Yawu Miller | 4/2/2014, 10:50 a.m.
While activists in Roxbury debate whether the 44.9 percent of units designated affordable there have concentrated too much poverty in ...
Mayor Martin Walsh announces a new 39-unit elderly apartment building in Mission Hill. With him at the podium is Maria Sanchez. Behind are state Rep. Jeffrey Sanchez and Chief of Health and Human Services Felix G. Arroyo. Banner Photo

Kriesberg has been appointed to a new housing task force convened by Mayor Martin Walsh and tasked with developing a plan to create more affordable and middle-income housing units in Boston.

The task force will include nonprofit and for-profit developers, academics, tenant representatives, neighborhood activists, union representatives and state representatives Kevin Honan and Daniel Cullinane. Walsh said the task force will release a plan this summer to guide the city’s housing policy over the next four years.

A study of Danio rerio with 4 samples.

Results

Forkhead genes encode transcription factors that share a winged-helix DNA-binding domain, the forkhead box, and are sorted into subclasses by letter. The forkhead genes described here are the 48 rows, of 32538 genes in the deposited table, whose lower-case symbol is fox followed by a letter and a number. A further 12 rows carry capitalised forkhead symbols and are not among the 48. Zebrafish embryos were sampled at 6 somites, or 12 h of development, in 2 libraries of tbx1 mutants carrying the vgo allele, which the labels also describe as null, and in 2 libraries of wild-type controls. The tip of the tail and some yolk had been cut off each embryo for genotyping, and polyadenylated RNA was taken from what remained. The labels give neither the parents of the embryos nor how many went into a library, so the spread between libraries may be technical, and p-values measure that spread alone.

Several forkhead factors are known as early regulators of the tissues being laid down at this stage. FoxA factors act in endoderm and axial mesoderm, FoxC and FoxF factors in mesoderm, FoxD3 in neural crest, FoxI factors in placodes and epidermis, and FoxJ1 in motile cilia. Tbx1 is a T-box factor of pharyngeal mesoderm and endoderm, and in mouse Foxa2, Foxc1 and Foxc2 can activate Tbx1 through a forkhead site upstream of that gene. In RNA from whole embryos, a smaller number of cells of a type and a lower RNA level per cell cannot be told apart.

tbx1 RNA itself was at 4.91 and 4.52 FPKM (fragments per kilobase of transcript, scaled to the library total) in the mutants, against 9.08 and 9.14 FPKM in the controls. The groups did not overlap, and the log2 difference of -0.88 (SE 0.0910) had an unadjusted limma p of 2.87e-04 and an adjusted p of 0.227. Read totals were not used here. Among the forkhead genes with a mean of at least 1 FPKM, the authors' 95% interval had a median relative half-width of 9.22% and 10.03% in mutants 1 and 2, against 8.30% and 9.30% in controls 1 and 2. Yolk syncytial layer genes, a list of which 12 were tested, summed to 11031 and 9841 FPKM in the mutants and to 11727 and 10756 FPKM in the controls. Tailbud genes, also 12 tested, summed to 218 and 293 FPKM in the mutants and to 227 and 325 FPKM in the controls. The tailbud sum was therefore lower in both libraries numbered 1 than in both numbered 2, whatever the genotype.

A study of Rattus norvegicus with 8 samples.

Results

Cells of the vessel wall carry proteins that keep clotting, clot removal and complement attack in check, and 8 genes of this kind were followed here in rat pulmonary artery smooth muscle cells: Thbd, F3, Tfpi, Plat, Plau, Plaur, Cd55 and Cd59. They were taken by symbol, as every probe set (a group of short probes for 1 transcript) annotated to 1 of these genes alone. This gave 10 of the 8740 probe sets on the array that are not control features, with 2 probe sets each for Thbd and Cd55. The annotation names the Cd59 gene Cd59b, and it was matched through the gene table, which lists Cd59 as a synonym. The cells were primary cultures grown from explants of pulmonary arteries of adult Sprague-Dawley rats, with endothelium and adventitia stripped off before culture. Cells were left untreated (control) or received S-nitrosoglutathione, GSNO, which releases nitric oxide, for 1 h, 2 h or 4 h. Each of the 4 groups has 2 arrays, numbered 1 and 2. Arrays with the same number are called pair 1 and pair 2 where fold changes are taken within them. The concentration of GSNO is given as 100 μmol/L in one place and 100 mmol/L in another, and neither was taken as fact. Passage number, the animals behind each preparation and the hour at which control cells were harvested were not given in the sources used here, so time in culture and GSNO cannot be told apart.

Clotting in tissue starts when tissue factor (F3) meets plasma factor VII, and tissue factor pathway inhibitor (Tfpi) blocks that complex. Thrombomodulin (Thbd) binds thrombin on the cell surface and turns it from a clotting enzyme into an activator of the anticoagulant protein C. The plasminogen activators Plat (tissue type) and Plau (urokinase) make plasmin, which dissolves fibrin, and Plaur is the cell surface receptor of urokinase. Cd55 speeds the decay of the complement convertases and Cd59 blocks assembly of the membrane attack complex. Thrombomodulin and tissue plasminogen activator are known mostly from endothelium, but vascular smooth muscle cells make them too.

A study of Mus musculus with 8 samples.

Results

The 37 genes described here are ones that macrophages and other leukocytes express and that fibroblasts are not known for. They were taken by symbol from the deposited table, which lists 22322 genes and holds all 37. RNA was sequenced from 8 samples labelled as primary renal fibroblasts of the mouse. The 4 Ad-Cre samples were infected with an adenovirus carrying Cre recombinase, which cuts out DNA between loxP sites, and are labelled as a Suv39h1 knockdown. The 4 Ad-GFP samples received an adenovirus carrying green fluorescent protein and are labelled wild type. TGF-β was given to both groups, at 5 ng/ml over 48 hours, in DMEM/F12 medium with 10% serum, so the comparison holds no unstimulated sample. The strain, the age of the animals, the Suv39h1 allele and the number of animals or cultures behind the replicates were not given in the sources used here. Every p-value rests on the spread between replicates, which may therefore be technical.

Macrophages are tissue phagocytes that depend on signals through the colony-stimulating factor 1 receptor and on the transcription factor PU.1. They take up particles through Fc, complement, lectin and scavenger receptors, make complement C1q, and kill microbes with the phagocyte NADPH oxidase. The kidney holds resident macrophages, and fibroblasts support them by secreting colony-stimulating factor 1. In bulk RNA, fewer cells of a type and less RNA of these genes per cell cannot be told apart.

“We have to bring key community members and experts to the table to find diverse and creative solutions to these challenges,” he said.

One guideline affordable housing advocates have floated during meetings of Walsh’s transition team on housing is aiming for development in Boston that provides one third of all units affordable to low-income, one third affordable to moderate-income and one third market rate.

A coalition of South End activists worked out a similar strategy with the Boston Redevelopment Authority for development on city-owned land in that neighborhood in the 1980s. Despite an agreement, called the South End Neighborhood Housing Initiative, few moderate-income units were ever produced in that neighborhood. The South End’s housing stock bifurcated, with production and preservation of affordable units and steeply increasing real estate values in the neighborhood.

While 41 percent of housing units in the South End are now subsidized, the middle class has effectively been squeezed out with one-bedroom condos in the neighborhood selling for more than half a million dollars.

Walsh acknowledges that there is no clear path to shoring up the market for buyers or renters who don’t qualify for affordable housing but says his task force will seek answers.

“Every city in America has this problem — people being priced out,” he said. “Nobody has come up with a solution that works. We’re going to work on a solution. We’re trying to be creative.”